Friday, April 19, 2019

Jesus was a Buddhist

Today, almost 2000 years ago, Jesus died on the cross. He was buried and two days later he came back from the dead, sent by God. Known as the resurrection, it's an event that is the foundation of the Christian faith. But was he really sent by God? And did he actually die?

There is a period in Jesus' life which is called The lost years, or, more poetically, The silent years. From the age of 12 to 29, there's a gap in his timeline, It's an accepted fact – 'modern mainstream Christian scholarship holds that nothing is known about this time period in the life of Jesus' (source). There are all sorts of theories about these missing years, the most common ones saying that he had worked as a carpenter in Galilee or that he had studied in the desert. But there's another one which sounds at least equally plausible – including a fascinating twist of the known resurrection story! Here it goes:

To 'improve and perfect himself in the divine understanding', Jesus went to India. He studied with Brahmin priests in Odisha and later travelled to the Himalayas where he spent many years in monasteries, learning about Buddhism. There is an interesting documentary from the BBC about this, where historians say that, in those times, it was a fairly simple journey from the Middle East to India. I also read somewhere that Jesus was seen as crazy in his teens, and well, if people think you're crazy, what better place to go to than India?
With 29 years, he had learned enough and returned to his homeland in Galilee.

I've spent quite some time in India in my early twenties – I know what it can do to a young man. It certainly can make you even more crazy! But it can also initiate a spiritual revolution within, it can take you to beautiful deep places that basically change the way you look at life. And yes, there's Buddhism too.

To me this theory makes absolute sense. A young, curious guy goes to India, spends many years learning and practising Buddhism, and then he comes back with a bright smile and teaches what he's learned. People are first intrigued, then fascinated and finally they follow him around, because they want to be like him: happy.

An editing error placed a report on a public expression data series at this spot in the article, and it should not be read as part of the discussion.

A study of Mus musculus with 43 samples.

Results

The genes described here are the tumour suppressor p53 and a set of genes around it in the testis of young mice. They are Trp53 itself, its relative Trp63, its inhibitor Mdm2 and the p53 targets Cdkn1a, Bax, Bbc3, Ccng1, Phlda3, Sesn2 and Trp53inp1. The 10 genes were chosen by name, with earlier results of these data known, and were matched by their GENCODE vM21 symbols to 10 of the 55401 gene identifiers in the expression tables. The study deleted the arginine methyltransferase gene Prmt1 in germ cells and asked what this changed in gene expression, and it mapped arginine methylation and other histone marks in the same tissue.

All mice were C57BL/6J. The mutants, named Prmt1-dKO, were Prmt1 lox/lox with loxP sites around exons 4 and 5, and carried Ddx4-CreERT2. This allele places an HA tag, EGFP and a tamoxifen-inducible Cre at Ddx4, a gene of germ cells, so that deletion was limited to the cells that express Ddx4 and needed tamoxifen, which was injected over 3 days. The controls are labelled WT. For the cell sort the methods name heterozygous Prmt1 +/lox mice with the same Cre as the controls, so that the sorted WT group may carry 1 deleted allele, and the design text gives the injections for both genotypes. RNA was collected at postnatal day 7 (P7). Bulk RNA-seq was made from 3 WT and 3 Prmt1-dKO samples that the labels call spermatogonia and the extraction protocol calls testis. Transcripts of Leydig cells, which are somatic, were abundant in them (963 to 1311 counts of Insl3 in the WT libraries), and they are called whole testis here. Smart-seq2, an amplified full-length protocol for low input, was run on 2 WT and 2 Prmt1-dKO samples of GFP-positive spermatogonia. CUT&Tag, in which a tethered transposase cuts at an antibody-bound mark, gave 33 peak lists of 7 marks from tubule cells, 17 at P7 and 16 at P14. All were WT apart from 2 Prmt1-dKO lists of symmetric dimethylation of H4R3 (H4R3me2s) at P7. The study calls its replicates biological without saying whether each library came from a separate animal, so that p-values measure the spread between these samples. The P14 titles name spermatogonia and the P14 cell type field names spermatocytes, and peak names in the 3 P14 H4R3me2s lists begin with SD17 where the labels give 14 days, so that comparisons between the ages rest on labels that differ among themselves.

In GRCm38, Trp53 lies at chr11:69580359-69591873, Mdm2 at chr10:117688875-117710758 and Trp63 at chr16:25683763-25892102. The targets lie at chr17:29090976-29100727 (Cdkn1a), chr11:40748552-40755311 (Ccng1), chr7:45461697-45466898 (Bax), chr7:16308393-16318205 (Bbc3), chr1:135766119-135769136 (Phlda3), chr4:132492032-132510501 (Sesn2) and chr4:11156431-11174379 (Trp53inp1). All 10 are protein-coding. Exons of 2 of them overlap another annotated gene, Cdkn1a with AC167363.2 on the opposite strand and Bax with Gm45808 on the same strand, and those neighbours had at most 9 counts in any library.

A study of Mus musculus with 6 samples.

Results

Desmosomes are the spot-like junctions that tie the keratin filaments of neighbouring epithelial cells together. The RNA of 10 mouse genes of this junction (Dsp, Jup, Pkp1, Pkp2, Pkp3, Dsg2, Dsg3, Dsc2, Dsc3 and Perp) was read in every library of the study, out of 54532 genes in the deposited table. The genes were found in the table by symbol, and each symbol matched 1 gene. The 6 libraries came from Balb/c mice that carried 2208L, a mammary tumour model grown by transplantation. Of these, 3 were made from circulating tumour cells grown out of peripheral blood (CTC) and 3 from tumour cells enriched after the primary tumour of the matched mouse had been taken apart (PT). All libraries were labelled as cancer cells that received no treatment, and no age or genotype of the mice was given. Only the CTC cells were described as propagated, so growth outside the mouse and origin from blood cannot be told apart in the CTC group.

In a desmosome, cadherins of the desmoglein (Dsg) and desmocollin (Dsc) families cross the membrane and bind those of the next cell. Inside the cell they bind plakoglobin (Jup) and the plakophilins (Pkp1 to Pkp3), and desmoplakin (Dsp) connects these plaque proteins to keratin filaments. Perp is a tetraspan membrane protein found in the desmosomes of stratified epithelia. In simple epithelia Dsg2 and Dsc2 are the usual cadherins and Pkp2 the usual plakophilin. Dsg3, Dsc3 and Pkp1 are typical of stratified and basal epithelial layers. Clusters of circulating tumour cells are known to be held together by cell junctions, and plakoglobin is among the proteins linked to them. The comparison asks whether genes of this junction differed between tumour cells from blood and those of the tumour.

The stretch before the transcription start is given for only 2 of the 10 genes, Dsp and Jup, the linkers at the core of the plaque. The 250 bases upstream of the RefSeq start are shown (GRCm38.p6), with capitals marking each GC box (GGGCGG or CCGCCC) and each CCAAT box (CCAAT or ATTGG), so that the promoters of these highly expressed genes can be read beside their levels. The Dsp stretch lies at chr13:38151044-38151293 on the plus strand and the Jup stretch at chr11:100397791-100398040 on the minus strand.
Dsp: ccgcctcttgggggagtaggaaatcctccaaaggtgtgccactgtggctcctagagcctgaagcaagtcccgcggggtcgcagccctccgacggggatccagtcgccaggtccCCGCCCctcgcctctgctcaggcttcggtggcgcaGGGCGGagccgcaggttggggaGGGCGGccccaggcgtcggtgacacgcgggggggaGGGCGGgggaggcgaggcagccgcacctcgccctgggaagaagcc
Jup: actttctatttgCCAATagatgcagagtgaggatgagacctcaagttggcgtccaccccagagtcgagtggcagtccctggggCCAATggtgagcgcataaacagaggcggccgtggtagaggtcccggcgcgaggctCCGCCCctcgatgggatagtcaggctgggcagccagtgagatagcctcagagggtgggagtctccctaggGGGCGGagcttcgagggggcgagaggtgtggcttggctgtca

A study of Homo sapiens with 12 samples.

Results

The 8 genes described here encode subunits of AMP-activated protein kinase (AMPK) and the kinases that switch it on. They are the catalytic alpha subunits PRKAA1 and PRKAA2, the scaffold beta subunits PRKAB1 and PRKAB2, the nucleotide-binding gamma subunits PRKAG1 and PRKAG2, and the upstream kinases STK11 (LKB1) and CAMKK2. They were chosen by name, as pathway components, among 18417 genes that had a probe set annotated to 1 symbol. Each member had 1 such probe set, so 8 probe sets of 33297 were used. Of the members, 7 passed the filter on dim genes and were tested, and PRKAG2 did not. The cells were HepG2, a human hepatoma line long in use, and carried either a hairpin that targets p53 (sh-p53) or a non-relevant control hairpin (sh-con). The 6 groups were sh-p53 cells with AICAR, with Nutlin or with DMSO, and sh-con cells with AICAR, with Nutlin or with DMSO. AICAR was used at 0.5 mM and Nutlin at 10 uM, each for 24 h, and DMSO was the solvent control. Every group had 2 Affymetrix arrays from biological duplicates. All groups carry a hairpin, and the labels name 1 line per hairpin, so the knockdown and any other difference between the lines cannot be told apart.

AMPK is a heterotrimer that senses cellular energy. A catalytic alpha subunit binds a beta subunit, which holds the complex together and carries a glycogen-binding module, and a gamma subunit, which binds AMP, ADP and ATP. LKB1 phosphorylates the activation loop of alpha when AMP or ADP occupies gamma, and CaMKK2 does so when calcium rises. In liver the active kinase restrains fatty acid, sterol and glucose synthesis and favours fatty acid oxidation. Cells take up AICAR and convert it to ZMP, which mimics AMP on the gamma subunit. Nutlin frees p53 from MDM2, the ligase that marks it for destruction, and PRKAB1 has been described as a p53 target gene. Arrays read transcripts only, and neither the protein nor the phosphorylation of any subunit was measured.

Now, monks who are very experienced with meditation are able to alter their body temperature and also to lower their heart rate significantly, resulting in an almost absent pulse and no heart sounds. So what if Jesus, the Buddhist hanging on the cross, had applied the breathing and meditation techniques he had learned in the Himalayas? He would have been declared dead (no one could have double-checked with an EEG back then), put in a tomb and everyone would have thought he's dead. Two days later he climbs out and is the hero. Not that he cared to be the hero (true Buddhists seldom do), but it was perhaps the only way to escape death at the cross. Can't blame him for this little trick, can you?

If you strip the teachings of Jesus of all the religious add-ons, at the core of it all he talked about pretty much the same stuff as Buddha. Love, compassion, peace. Therefore it's totally possible that Jesus was actually a Buddhist, inspired by Buddha, sharing love and wisdom with his fellow people. That he wasn't the son of God, but instead a soul-searching Dude who got into meditation. Could have been you or me...

So why does this matter? After all, it's just another story. Yet that's exactly why it matters. They're all stories. Nobody can travel back in time and find out for sure.

We need stories. They inspire us, comfort us, give us hope and help us to connect with each other. But the importance of a story isn't the historical setting, it's not the details of events and characters and it doesn't even matter whether any of it has actually happened. All these things are irrelevant. What's important is the message.